The Three Due Diligence Myths of Background Screening

The biggest myth in background checking is that there is some grand online database to check and then you’ve done your due diligence. Not so, says attorney Lester Rosen.

Rosen, who is CEO of Employment Screening Resources in Novato, California, made his remarks at the SHRM Employment Law and Legislative Conference, held recently in Washington, DC. Here are three of his myths:

Background Checks Myth 1. There is a national database available to private employers for checking criminal records or false credentials, such as education or employment.

Contrary to popular belief, there is no such national database, despite some advertisers claims to the contrary, says Rosen.

Furthermore, he says, FBI fingerprint checks are only available when mandated by law (e.g. for teachers and child care workers).

Unfortunately, he adds, the primary method for obtaining criminal records is to physically look at each relevant courthouse! And there are about 10,000 courthouses in America with court records in over 3,200 jurisdictions.

Beware of using commercial databases as a primary tool for records checks, Rosen cautions. There are substantial issues with accuracy, completeness, and timeliness, and false positives and false negatives are possible. They can be useful as a back-up or secondary tool. In some states, use is very limited (e.g., CA, NY & TX).

If you do get “hits” with such a system, the hit should be re-verified at the courthouse for accuracy and current status, he adds.


Unless set by a statute for your industry, Rosen says, due diligence is a moving target that is determined by a jury based evidence in the trial concerning injury, foreseeable risk, duty of care, and causation.

Nevertheless, to pass due diligence scrutiny, you just need to show that you did the best that you could be expected to do, not that you did a perfect investigation, Rosen says.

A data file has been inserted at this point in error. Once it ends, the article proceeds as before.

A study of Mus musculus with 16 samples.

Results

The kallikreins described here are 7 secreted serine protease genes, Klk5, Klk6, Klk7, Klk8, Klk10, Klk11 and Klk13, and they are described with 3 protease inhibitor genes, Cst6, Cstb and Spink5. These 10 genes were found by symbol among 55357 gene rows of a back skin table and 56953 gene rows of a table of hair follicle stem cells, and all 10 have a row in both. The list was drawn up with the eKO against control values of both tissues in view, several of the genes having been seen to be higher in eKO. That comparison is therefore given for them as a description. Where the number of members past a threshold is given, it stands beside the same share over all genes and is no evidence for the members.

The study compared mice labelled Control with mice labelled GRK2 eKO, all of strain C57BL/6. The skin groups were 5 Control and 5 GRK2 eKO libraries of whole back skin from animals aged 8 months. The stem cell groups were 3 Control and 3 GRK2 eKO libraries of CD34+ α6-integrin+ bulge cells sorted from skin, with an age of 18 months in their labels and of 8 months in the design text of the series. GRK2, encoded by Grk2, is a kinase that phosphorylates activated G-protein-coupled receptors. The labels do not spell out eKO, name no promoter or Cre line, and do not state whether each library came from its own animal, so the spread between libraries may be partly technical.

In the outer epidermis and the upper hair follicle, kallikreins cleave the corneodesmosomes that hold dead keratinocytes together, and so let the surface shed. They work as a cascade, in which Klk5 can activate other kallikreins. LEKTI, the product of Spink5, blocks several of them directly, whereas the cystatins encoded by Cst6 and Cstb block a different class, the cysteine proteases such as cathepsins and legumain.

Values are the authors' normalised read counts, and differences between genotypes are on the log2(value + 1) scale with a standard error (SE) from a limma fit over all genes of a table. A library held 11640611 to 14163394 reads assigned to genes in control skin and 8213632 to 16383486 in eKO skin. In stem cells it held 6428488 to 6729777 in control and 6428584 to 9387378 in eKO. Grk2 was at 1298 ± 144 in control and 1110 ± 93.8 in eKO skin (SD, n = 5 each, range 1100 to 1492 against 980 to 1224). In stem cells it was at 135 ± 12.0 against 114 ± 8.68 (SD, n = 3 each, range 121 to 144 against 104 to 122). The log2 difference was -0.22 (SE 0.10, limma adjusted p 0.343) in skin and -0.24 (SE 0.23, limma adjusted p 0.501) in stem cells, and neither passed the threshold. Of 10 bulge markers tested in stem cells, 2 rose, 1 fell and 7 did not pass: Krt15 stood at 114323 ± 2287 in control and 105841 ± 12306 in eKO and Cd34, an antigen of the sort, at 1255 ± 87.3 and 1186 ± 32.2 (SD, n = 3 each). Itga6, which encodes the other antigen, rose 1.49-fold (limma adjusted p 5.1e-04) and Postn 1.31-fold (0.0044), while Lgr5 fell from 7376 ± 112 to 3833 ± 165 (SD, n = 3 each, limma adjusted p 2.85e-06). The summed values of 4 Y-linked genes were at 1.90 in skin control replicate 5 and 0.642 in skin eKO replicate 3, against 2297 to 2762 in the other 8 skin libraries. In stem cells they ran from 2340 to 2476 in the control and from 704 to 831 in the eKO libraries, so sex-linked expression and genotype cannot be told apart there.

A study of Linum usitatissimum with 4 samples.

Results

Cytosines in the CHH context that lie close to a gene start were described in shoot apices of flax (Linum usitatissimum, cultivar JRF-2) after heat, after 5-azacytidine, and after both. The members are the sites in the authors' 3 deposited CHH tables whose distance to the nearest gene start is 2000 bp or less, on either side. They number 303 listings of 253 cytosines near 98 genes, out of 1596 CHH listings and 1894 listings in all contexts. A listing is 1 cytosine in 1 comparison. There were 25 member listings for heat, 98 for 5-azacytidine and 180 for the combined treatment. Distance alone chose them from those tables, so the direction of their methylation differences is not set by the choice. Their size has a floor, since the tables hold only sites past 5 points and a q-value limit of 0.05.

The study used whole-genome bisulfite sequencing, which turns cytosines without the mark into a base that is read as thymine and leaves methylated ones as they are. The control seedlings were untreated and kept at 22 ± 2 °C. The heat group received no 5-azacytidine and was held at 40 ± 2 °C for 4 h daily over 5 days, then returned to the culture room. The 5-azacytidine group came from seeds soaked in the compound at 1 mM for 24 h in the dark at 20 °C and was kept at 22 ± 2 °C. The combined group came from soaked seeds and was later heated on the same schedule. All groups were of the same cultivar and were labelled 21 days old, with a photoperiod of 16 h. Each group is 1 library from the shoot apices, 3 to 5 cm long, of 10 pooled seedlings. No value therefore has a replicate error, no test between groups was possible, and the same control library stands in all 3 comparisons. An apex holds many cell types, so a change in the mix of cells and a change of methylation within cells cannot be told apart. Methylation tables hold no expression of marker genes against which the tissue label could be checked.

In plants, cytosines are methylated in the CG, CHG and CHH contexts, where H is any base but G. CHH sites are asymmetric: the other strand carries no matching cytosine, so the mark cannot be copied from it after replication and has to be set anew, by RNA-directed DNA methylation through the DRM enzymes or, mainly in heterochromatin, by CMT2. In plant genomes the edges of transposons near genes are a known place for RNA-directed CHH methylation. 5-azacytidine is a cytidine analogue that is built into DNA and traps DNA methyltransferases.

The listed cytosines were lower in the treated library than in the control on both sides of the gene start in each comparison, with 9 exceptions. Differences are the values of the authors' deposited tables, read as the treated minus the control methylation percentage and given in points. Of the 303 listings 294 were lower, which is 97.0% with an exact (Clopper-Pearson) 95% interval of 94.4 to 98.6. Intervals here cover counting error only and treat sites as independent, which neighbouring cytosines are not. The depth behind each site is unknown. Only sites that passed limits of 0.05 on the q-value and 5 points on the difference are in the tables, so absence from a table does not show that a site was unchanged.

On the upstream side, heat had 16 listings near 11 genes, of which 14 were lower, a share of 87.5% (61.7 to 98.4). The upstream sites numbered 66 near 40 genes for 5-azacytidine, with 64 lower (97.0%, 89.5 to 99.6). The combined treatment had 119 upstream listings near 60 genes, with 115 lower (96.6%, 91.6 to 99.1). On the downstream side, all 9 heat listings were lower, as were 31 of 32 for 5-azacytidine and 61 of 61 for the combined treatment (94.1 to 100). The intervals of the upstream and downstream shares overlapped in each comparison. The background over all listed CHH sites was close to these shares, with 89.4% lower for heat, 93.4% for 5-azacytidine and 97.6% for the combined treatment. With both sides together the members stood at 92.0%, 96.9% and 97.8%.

Naturally, he adds, high risk employers, such as firms that send workers into homes, will have a higher duty of care. Workers in uniform have the “color of authority,” Rosen says.

If you haven’t done due diligence, Rosen says, typical defenses won’t help you. For example, don’t try to claim that:

  • A background check would not have revealed any red flags or lack of causation
  • Conducting a check would have been too costly
  • The applicant lied
  • Others firms in our industry do not conduct background checks

Background Checks Myth 3. You can automatically disqualify an applicant based on a criminal conviction without a business justification.

You may not automatically deny employment based on a criminal conviction, says Rosen. The EEOC requires that you take into account the nature and gravity of the offense, nature of the job, and time elapsed.

However, if the person lied on the application, then the falsehood can be the grounds to deny employment.

Who needs background checks? What jobs? Only one place to find out—your job descriptions … as long as they are up to date. How are yours? Detailed enough to help? Essential skills delineated?

If not—or if you’ve never even written job descriptions—you’re not alone. Thousands of companies fall short in this area.

It’s easy to understand why. Job descriptions are not simple to do—what with updating and management and legal review, especially given the ADA requirement of a split-off of essential functions from other functions in the description. Wouldn’t it be great if your job descriptions were available and already written?

Actually, they are. We have more than 700, ready to go, covering every common position in any organization, from receptionist right up to president. They are in an extremely popular BLR program called the Job Descriptions Encyclopedia.

First created in the 1980s, the “JDE” has been continually refined and updated over time, with descriptions revised or added each time the law, technology—or the way we do business—changes.

Prewritten job descriptions in the Job Descriptions Encyclopedia now come with pay grades already attached. Click here to try the program at no cost and receive a limited time bonus.

Revised for the ADA, Pay Grades Updated

There was a major revision, for example, following the passage of the ADA. In fact, BLR editors reviewed every one of those 700 descriptions to ensure they were ADA-compliant.

Another enhancement was the updating of pay grades for each job. According to our customers, this is an enormous time-saver, enabling them to make compensation decisions even as they define the position. You can see a sample job description from the program by clicking here. (Yes, it is the one for HR Manager—Pay grade: 37.)

The BLR Job Descriptions Encyclopedia also includes an extensive tutorial on setting up a complete job descriptions program, and how to encourage participation from all parts of the organization. That includes top management, the employees, and any union or other collective bargaining entity.